Mikael Ricknäs | Aug. 28, 2013
Newcomers Firefox, Ubuntu, Sailfish and Tizen won't challenge Android's dominance anytime soon, but can still survive, according to analysts.

The ZTE Open will be the first Firefox OS phone for consumers as it goes on sale in Spain on Tuesday.

Four new smartphone OSes intend to challenge Apple and Google's dominant position. Mozilla's Firefox OS is the first out of the gate, but Canonical, Samsung Electronics and Intel, as well as Finnish upstart Jolla Mobile, are also getting their alternatives ready.

Phone makers and mobile operators are worried about the Android-iOS duopoly the smartphone market has evolved into. This concern has given birth to a new generation of OSes that its respective backers are hoping can make a mark.

Of the four challengers, Firefox OS is the furthest along and is already in devices on the market.

"At the moment it looks like Firefox OS is in the best position to break out from niche status because it has strong support from major mobile operators and major handset vendors like ZTE. That gives it an above average chance of success, I think," said Neil Mawston, executive director at Strategy Analytics.

Telefónica and Deutsche Telekom have started selling the Alcatel OneTouch Fire and ZTE Open in Spain, Colombia, Venezuela and Poland, with more countries on the way. Neither operator has divulged any sales numbers.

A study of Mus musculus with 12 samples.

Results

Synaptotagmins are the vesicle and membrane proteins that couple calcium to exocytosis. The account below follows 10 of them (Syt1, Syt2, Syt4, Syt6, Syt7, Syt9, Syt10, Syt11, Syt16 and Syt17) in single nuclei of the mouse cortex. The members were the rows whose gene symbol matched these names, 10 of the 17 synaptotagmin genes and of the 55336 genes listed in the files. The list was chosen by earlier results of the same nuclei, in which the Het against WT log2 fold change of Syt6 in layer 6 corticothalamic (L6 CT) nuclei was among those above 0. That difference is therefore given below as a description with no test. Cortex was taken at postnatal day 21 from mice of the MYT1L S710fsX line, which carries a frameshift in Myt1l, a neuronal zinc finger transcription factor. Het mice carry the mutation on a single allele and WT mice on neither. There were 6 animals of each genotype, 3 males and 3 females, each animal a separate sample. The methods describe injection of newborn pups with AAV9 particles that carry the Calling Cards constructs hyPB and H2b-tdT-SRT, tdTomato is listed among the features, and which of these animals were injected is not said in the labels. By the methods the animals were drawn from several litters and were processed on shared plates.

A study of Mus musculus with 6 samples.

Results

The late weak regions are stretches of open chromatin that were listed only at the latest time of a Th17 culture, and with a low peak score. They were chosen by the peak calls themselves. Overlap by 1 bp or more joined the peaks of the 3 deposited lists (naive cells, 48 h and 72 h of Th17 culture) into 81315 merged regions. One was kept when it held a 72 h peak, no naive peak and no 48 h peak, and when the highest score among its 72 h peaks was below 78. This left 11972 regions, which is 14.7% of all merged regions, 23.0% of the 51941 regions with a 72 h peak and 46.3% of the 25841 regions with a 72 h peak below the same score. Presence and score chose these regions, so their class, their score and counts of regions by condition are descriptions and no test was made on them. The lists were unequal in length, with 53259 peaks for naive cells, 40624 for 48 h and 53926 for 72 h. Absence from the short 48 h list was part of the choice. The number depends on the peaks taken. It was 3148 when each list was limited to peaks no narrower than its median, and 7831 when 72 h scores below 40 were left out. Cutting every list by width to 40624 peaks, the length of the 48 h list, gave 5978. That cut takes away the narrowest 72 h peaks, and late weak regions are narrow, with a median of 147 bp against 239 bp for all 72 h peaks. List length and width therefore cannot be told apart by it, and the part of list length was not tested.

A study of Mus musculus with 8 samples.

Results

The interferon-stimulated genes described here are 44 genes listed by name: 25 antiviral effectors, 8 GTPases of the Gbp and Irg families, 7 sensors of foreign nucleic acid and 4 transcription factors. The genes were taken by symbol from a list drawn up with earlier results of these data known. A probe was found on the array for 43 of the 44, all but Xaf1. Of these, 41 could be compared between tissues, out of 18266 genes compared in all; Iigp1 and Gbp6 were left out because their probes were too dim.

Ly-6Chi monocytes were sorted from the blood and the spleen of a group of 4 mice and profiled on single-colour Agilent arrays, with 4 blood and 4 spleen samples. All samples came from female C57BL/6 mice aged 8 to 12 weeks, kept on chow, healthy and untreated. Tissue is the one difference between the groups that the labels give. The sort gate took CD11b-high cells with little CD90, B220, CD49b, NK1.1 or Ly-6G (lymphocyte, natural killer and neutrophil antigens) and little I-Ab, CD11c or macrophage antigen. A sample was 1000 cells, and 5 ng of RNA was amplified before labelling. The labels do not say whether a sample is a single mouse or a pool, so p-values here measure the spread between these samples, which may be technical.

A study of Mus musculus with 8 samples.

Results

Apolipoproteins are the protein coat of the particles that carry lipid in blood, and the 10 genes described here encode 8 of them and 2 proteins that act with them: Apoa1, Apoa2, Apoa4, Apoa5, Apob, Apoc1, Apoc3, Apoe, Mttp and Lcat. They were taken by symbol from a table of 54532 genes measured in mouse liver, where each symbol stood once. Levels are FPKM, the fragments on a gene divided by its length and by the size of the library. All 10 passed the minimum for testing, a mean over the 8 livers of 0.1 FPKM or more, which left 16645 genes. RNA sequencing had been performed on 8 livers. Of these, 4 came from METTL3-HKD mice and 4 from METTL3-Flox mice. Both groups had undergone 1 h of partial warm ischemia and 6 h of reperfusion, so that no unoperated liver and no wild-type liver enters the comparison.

"It is very difficult to gauge exactly what the level of demand really is," said Geoff Blaber, director of devices and platforms at CCS Insight.

What is known is that ZTE sold 1,975 units of the Open via eBay in the U.S. and U.K. for US$79.99 and £59.99, respectively, before ending the listing. It sold out in one day in the U.S. and in two days in the U.K.

To put that number in perspective; about 2 million smartphones based on Android and 82,000 based on Windows Phone were sold to end users per day during the second quarter, according to Gartner. Android continued to dominate the smartphone sector during April to June, while Windows Phone surpassed BlackBerry to take third place.

"The challenge for Firefox OS is broadening the carrier support beyond the likes of Telefónica and Deutsche Telekom and provide a user experience that is comparable to Android. But it is in a good starting position," Blaber said.

To succeed on a bigger scale it and the other newcomers have to become popular in China and or the U.S. because of their size, according to Mawston.

While devices running Firefox OS have gone on sale, Canonical and Jolla are still working on getting smartphones based on Ubuntu and Sailfish OS in the hands of consumers.

Last week marked the end of Canonical's campaign to raise the $32 million it wanted for the production of the Edge smartphone and PC. The project raised $12.8 million, which was nowhere near the ambitious target it set, but was enough to make it the biggest fixed-target crowdfunding campaign so far, according to Canonical.